Yet another problematic acronym – the IPAA


ACTA, SOPA, PIPA, CISPACOICA, even TPP… and now IPAA. And that is without considering the various bilateral treaty negotiations (CETA being the newest one to hit the headlines). If there were points in life for trying to maximise IP regimes, it seems certain Hollywood lobbyists (and others) would be getting top scores. (For fun, try to read that top line out loud as fast as you can)
While the EU is trying to push ACTA provisions in the backdoor (after rejecting it in the parliament) through the EU – Canada FTA, the US is trying to push certain SOPA provisions in through a new bill. IPAA or the Intellectual Property Attaché Act, is a new bill that Senator Lamar Smith (author of the now infamous SOPA) is pushing for. You might remember that we recently wrote about USPTO’s Teresa Rae testimony before Congress saying that they (USPTO) were doing their best to educate Indian officials about maximalist IP policies (as well as why India should not use compulsory licenses). In line with what she said there, this bill aims to move those ‘diplomats’ from under the USPTO to its own agency under the Department of Commerce with a new position ‘Assistant Secretary of Commerce for Intellectual Property’ as well.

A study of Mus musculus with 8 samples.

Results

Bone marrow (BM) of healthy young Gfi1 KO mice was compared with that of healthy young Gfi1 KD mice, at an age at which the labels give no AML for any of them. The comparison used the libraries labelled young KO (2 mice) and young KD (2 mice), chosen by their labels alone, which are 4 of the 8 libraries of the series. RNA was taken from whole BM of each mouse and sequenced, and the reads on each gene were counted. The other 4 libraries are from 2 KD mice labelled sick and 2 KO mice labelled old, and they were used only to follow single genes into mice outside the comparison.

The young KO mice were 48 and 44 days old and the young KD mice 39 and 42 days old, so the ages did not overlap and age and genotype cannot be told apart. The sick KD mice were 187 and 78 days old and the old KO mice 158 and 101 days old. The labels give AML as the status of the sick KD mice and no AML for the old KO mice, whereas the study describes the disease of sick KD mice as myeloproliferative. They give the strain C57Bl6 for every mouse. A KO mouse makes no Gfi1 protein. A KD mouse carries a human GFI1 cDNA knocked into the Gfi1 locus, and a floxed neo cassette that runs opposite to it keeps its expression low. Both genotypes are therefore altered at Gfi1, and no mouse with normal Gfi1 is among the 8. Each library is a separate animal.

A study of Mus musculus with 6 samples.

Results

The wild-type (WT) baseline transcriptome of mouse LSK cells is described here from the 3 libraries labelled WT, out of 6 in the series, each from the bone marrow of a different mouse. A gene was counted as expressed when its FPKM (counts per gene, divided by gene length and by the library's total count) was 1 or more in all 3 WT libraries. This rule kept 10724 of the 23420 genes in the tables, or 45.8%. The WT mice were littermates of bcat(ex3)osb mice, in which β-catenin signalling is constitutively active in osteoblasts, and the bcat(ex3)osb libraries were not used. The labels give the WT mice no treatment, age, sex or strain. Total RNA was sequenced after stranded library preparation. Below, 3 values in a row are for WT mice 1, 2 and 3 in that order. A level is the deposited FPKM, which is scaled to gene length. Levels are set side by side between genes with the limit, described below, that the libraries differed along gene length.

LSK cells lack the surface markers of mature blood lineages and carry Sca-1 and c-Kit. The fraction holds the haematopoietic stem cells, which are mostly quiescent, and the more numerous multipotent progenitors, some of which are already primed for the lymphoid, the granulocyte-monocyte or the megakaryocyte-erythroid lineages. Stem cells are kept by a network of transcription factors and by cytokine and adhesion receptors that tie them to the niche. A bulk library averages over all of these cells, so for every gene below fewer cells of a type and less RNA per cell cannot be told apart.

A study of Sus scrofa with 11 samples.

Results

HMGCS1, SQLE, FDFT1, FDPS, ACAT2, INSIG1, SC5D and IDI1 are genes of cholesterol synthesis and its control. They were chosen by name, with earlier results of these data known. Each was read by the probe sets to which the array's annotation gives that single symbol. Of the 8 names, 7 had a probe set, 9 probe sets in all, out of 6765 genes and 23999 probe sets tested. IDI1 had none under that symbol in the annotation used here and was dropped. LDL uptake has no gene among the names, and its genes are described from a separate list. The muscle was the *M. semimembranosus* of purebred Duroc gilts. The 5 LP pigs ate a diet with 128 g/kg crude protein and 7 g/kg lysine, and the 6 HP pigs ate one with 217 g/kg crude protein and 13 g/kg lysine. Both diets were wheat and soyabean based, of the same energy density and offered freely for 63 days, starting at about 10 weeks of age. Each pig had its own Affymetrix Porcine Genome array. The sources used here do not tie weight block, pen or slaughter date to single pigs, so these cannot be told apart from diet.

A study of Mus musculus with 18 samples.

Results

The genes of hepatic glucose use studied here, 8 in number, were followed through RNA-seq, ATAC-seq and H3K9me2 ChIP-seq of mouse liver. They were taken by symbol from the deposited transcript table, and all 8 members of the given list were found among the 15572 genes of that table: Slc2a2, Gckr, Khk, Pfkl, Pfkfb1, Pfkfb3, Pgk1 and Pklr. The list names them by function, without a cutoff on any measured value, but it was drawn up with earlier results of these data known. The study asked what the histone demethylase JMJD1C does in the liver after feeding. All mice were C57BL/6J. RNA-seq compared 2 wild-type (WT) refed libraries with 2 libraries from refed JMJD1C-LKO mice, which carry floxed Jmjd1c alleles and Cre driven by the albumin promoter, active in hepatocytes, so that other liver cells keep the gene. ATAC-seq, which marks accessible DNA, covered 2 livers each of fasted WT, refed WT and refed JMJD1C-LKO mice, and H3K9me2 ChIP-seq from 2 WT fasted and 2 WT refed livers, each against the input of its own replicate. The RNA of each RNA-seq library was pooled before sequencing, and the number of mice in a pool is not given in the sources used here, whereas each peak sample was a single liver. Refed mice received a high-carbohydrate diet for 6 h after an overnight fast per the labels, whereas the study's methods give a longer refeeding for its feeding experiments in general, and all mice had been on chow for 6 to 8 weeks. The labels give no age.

In other words, this would allow and fund more IP maximisation ‘education’ and the aggressive pursuit of intellectual property enforcement to countries all across the globe. As it is, the attachés are already known for complaining that other countries don’t agree with US’ views on intellectual property. 
The IP attaché for India in 2008, Dominc Keating, had earlier said “India has a history of being anti-IP in its views,” particularly toward the patent protection of pharmaceuticals. Ironically, the US Dept of Commerce also lamented that ‘Anti-IP activists were spending tens of millions of dollars trying to minimise IP rights). Looking at Teresa Rae’s statement now in 2012, we know that they haven’t learnt (or don’t care to learn) anything about contextualisation of IP policy so far. Rather, this seems yet another stubborn attempt at ensuring they get what they want regardless of how it affects other countries or even themselves. For more on this ‘policy laundering’, watch the video above.

Swaraj Paul Barooah

Follow @swarajpb Swaraj has a deep interest in IP, Innovation and Information policy, especially when they involve issues relating to Access to Knowledge, Innovation incentive mechanisms, Digital Freedoms, Open Access, Education, Health and Development. After his BA, LLB (hons) from Nalsar Univ of Law, Hyderabad, he went on to do his LLM from UC Berkeley in 2010. He is now pursuing his J.S.D. degree from UC Berkeley where he is focusing on Drug Innovation Policy and Access to Medicines. Aside from SpicyIP, he is also engaged as a consultant on various IP matters, and is a visiting faculty member at Nalsar Univ of Law. He is also in the process of starting up a New Delhi based "IP, Innovation & Information Policy" focused think-tank.

One comment.

  1. AvatarAnonymous

    When I saw title of your blog, I thought you were talking about Intellectual Property Attorneys Association, New Delhi Which was formed in 1996 and is called IPAA. We also have Asian Patent Attorneys Association (APAA), the headquarters of which are in Japan and most of the Asian Countries are members having their recognized groups.